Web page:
First Name: 
Joseph
Last Name: 
Lewis
Sex: 
Male
Nationality: 
Welsh?
Education: 
elementary education may have been provided by Sir John Philipps
Profession or Occupation: 
artisan; described in 1754 as ‘an illiterate raw Lad … a mechanic’ and later as ‘a poor ivory-turner’
editor of the Westminster Magazine, under the pseudonym Lancelot Poverty-Struck 1750-1751
married by 1752
poet
Milieux: 
working-class poet
Patrons: 
petitioned David Garrick for money
Periodicals & Misc Contributed To: 
several of his poems in Westminster Magazine 1750–51 under the pseud. Lancelot Poverty-Struck
an acrostic by him praising a Dr Wolf Joseph Yonker, dated 1774 but sent to the Gentleman's Magazine by an anonymous contributor in 1785
Summing Up:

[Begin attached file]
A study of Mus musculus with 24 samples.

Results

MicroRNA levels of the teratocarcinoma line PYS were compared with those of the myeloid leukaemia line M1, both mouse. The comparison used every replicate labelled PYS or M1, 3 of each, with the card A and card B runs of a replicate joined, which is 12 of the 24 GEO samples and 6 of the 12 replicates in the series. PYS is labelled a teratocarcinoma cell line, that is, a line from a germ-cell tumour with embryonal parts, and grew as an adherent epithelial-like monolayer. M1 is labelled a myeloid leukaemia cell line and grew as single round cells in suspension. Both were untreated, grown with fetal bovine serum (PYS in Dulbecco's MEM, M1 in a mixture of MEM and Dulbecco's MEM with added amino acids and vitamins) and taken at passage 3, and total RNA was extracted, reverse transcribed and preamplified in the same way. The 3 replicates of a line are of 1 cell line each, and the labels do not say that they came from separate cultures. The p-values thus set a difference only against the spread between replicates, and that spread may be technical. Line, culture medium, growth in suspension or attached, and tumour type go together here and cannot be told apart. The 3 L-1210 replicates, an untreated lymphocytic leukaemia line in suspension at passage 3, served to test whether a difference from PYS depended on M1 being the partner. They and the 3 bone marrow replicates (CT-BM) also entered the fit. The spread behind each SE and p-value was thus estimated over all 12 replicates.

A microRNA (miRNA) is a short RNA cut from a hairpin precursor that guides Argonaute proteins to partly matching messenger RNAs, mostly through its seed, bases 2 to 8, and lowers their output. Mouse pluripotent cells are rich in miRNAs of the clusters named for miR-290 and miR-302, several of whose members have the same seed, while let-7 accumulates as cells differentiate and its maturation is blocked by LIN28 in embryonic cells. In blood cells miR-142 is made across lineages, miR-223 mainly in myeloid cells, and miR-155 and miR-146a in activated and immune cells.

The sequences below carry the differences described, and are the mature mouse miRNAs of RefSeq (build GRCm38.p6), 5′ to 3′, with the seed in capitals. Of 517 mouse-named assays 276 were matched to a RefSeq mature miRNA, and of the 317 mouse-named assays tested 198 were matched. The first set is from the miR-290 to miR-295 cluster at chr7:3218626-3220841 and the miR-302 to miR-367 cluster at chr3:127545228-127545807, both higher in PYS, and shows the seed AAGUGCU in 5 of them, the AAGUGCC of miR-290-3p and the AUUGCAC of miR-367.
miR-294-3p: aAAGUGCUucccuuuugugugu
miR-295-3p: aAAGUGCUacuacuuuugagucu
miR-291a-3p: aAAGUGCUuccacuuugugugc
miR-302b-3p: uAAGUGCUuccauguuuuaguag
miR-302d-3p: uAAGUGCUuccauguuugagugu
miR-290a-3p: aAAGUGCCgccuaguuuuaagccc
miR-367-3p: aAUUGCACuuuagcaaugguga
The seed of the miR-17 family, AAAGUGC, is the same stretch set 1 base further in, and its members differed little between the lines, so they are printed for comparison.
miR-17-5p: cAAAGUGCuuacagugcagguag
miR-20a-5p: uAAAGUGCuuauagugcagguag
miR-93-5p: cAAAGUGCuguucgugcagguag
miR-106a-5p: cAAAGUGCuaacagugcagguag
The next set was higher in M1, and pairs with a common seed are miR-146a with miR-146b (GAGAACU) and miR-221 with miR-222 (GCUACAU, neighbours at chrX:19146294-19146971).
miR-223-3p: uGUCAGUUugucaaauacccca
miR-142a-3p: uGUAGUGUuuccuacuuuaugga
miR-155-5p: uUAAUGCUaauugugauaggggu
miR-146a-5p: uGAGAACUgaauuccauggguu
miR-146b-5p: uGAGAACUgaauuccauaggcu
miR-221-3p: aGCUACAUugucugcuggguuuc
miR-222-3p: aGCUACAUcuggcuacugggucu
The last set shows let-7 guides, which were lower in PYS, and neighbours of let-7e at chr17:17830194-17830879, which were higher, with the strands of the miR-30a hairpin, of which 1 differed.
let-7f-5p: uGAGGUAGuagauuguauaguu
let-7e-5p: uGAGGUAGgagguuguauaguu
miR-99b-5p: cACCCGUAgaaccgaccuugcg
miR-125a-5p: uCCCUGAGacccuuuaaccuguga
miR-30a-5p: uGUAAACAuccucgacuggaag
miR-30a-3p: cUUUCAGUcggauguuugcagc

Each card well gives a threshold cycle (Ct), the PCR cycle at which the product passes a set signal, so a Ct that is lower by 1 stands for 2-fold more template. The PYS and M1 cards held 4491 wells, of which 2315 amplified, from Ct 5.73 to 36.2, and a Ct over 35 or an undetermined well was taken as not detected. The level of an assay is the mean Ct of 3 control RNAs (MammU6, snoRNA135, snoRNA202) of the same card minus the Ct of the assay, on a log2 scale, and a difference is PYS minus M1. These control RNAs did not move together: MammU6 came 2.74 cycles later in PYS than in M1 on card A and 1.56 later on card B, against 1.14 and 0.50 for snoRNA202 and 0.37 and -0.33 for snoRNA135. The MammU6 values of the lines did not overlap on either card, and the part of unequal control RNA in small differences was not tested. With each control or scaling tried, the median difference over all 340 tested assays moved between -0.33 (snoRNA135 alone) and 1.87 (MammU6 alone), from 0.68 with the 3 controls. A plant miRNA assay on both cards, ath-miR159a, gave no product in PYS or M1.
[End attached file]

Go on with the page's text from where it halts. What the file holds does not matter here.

Lewis's birth and death dates are unkown, but he (fl. 1750–1774). Although he's belated according to our standards, he's a particularly interesting case. Writing under the pseudonym "Lancelot Poverty-Struck," Lewis's poems frequently reflect the vicissitudes of a working man's life. He wrote in 1773 that ‘Poverty has stuck so close to me all my Life time: that Providence never trusted me with more Than Six Guineas at one period of Time.’ He published two books of verse. His second collection is said to have originated when, ‘not having sufficient employment at his business to supply his family with bread’, he thought of earning money by writing begging letters in verse. His poverty and begging for money is the subject matter of most of his work. In 1768 Lewis tried a new method of soliciting help: he inserted a series of advertisements in the Public Advertiser (April–May) under the heading ‘Real Calamity’, describing in doggerel verse the hardships of ‘the poor Poet’ (now lame) and his ‘distressed Family’, and inviting donations. He amassed over £10 in a few weeks by this device, but continued to have severe financial difficulties. His family (13 children!) had to take refuge in the workhouse and he was unable to work because of swelling in his legs and lack of money to buy tools.